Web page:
Water use, polluting commodities, chemical dyes and poor supply chains mean the demand for fast fashion is affecting the planet, both socially and environmentally. Fashion is the second most polluting industry on earth after oil. To their credit, in response to this and consumer demand, manufacturers and fashion brands are continuing to strengthen and develop eco-friendly, sustainable fashion practices. These include addressing supply chains across global production, developing sustainable materials and reducing waste in production. But how much of this is truly sustainable and how much is clever marketing? Are brands merely ‘greenwashing’ their sustainability claims to appeal to the demand for sustainable eco-fashion? A recent report on viscose from Changing Markets highlights how fashion brands cleverly market sustainability to address their agenda without truly addressing environmental impacts and pressures across the supply chain.

Brands need to take greater responsibility for encouraging and manufacturing actual sustainable fashion. After all, their very business model of fast throwaway fashion is not sustainable. Eco initiatives by these companies have been promoted, but there are still major issues within the supply chain causing environmental and social harm. Brands need to stop ‘greenwashing their marketing claims or overly promoting their eco credentials to fit their marketing agenda.

Fast fashion brands need to end greenwashing

Fashion brands are now keen to be seen to address sustainability concerns in clothes manufacture. The second biggest polluter on the planet, they can no longer ignore this issue. The increase of eco-awareness among consumers also makes it extremely profitable for brands, and this is the danger. How genuine is the impact and drive of brands to address sustainability in fashion, and how much is clever ‘greenwashing’ marketing with dubious aims?

Although they have increased their transparency, fashion giant H&M have been criticised for regular greenwashing. This includes inflating claims to consumers on their worldwide organic cotton use, not changing working conditions for workers in factories and giving key pieces in their ranges a ‘Conscious Collection’ label due to the eco-products used, but failing to address the poor labour conditions in which they were made. Another example of greenwashing is bamboo. Bamboo is often marketed as an eco-friendly material by many fast fashion brands. However, while it’s technically more sustainable than cotton, the production of bamboo uses a high amount of pesticides and pollutants, a fact that does not tend to be mentioned in the marketing material for big brands hailing its sustainability.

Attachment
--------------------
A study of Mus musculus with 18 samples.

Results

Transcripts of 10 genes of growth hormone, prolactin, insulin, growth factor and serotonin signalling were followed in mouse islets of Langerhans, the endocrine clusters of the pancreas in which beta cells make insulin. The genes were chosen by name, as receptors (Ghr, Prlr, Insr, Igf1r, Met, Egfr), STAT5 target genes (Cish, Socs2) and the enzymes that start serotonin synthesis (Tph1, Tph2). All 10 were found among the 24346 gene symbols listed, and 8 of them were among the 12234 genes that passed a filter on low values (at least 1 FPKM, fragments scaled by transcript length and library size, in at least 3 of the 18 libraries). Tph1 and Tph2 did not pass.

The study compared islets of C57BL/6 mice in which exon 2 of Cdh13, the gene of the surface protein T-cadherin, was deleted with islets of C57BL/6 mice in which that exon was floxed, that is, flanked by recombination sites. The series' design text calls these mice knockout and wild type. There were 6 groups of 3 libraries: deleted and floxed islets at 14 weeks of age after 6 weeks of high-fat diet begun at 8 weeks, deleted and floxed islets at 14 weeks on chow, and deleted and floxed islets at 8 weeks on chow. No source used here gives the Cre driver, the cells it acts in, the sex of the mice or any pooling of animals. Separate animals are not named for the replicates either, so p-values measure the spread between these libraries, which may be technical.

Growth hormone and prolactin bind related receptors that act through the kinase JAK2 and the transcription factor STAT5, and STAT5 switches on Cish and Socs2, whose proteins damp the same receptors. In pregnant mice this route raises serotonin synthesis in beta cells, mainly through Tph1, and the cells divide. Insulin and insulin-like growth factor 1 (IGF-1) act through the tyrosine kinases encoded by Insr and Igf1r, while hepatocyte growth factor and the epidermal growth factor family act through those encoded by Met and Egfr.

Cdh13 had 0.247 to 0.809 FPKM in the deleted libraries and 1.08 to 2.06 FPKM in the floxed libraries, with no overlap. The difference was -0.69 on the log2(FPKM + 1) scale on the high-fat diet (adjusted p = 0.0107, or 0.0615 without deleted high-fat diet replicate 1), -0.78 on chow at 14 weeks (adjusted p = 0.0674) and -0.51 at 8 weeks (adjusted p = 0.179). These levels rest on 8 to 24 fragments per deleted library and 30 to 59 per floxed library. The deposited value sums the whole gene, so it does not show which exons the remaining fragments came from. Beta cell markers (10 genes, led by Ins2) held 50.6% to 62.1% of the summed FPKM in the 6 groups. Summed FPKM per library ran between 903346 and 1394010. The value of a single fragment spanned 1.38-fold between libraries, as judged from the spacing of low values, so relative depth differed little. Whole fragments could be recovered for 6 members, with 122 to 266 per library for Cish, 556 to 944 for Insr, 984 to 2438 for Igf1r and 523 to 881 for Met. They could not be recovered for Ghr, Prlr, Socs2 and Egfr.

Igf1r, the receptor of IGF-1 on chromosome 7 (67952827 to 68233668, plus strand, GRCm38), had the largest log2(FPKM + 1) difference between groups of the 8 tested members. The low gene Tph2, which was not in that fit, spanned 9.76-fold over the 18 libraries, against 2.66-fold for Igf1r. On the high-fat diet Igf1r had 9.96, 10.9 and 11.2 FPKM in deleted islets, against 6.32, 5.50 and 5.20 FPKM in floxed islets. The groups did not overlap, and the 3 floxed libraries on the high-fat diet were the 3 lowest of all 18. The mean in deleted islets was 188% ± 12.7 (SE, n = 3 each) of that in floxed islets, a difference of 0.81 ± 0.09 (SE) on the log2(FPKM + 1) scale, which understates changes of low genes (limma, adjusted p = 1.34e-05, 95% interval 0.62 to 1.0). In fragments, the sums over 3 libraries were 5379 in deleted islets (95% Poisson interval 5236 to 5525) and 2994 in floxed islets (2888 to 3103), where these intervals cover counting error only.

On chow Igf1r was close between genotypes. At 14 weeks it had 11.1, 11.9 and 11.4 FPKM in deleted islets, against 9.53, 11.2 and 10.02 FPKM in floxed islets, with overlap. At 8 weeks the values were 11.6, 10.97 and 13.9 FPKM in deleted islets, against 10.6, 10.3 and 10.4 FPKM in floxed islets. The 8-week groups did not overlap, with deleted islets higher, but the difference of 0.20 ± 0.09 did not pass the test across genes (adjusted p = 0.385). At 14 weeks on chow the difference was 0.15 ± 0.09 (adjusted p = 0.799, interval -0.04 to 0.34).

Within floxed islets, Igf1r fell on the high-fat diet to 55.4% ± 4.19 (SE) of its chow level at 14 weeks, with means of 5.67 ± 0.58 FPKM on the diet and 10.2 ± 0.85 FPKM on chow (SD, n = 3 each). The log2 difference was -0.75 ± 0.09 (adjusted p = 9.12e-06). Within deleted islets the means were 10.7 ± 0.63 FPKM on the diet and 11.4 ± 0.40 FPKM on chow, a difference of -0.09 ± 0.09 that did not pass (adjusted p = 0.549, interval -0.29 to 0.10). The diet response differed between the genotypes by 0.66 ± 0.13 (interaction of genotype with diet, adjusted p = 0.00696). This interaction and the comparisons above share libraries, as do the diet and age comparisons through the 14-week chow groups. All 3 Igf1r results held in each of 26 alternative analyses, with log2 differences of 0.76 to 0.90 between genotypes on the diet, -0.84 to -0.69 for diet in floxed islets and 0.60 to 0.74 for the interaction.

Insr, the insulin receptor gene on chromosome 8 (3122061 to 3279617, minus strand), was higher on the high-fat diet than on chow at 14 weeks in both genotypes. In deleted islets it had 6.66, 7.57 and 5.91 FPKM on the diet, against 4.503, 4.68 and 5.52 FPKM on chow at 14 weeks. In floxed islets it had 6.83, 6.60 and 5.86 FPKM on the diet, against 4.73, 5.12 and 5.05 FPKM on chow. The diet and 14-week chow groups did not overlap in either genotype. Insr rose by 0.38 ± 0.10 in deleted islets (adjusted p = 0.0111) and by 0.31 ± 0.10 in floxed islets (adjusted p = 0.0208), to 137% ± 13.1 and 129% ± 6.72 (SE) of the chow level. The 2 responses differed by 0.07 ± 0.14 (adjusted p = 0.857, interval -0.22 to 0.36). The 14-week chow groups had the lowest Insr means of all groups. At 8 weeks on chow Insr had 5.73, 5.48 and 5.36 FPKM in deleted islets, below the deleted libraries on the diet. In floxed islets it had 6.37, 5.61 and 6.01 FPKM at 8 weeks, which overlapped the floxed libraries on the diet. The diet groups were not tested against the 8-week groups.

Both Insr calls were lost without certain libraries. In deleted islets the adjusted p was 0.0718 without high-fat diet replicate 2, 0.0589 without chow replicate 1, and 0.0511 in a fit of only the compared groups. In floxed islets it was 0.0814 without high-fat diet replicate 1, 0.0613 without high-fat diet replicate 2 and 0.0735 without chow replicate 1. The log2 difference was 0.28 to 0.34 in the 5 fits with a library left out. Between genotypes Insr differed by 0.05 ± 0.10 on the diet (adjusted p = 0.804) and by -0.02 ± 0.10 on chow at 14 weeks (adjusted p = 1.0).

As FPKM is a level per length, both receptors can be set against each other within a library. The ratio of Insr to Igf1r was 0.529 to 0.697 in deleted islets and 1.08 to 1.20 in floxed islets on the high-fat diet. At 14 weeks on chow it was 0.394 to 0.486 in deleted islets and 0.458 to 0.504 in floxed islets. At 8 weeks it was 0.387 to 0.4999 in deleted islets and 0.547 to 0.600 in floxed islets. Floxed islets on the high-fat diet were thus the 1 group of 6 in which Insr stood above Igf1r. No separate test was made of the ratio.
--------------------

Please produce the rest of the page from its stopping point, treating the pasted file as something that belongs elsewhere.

Viscose production highlights the impact of polluting raw materials

One stark example of this is a recent Changing Markets report, concerning the production of viscose which really highlights how fashion brands need to do more.  Although technically a sustainable product the demands placed by manufacturers of fast fashion means the production of viscose is often harmful. Fashion brands such as H&M, M&S and ASOS already market viscose as a green, sustainable product, but this is not entirely true. The viscose industry is often highly polluting, having a negative environmental and social impact. These impacts include toxic pollution, environmental damage, health impacts from toxins and poor conditions for workers. Brands need to play a key role in cleaning up viscose production by demanding cleaner and fairer viscose production. Global fashion brands can play a vital role in this process by using their massive power to influence change that is truly sustainable, including encouraging closed loop supply, conducting regular audits and only using viscose producers who take sustainability seriously.

Brands need to be more honest in their sustainable fashion marketing

Transparency is a vital tool to create change in the fashion industry, inspiring brands to move towards more eco-friendly business models. These reduce the impact of production at an environmental and social level. But for real sustainability, brands need to become not only more transparent in their production, but also more honest and transparent in their marketing of sustainable fashion to consumers. Eco friendly fabrics and sustainable production are great marketing angles for fashion brands, but brands need to be more honest in the impact of the whole production chain. As well as addressing the whole model of fast fashion being inherently unsustainable, fast fashion brands such as H&M, M&S and Forever 21 need to address working conditions, material sourcing and production and polluting effects of the raw materials used in their manufacture such as with viscose. Currently fashion brands are able to change their sustainability narrative to suit them. Without addressing these parts of the supply chain, a true sustainability claim should be considered as dubious. Although more eco-friendly initiatives and production methods are being developed by fashion brands, until all parts of the supply chain are genuinely sustainable, brands should be more honest in their sustainability claims and marketing.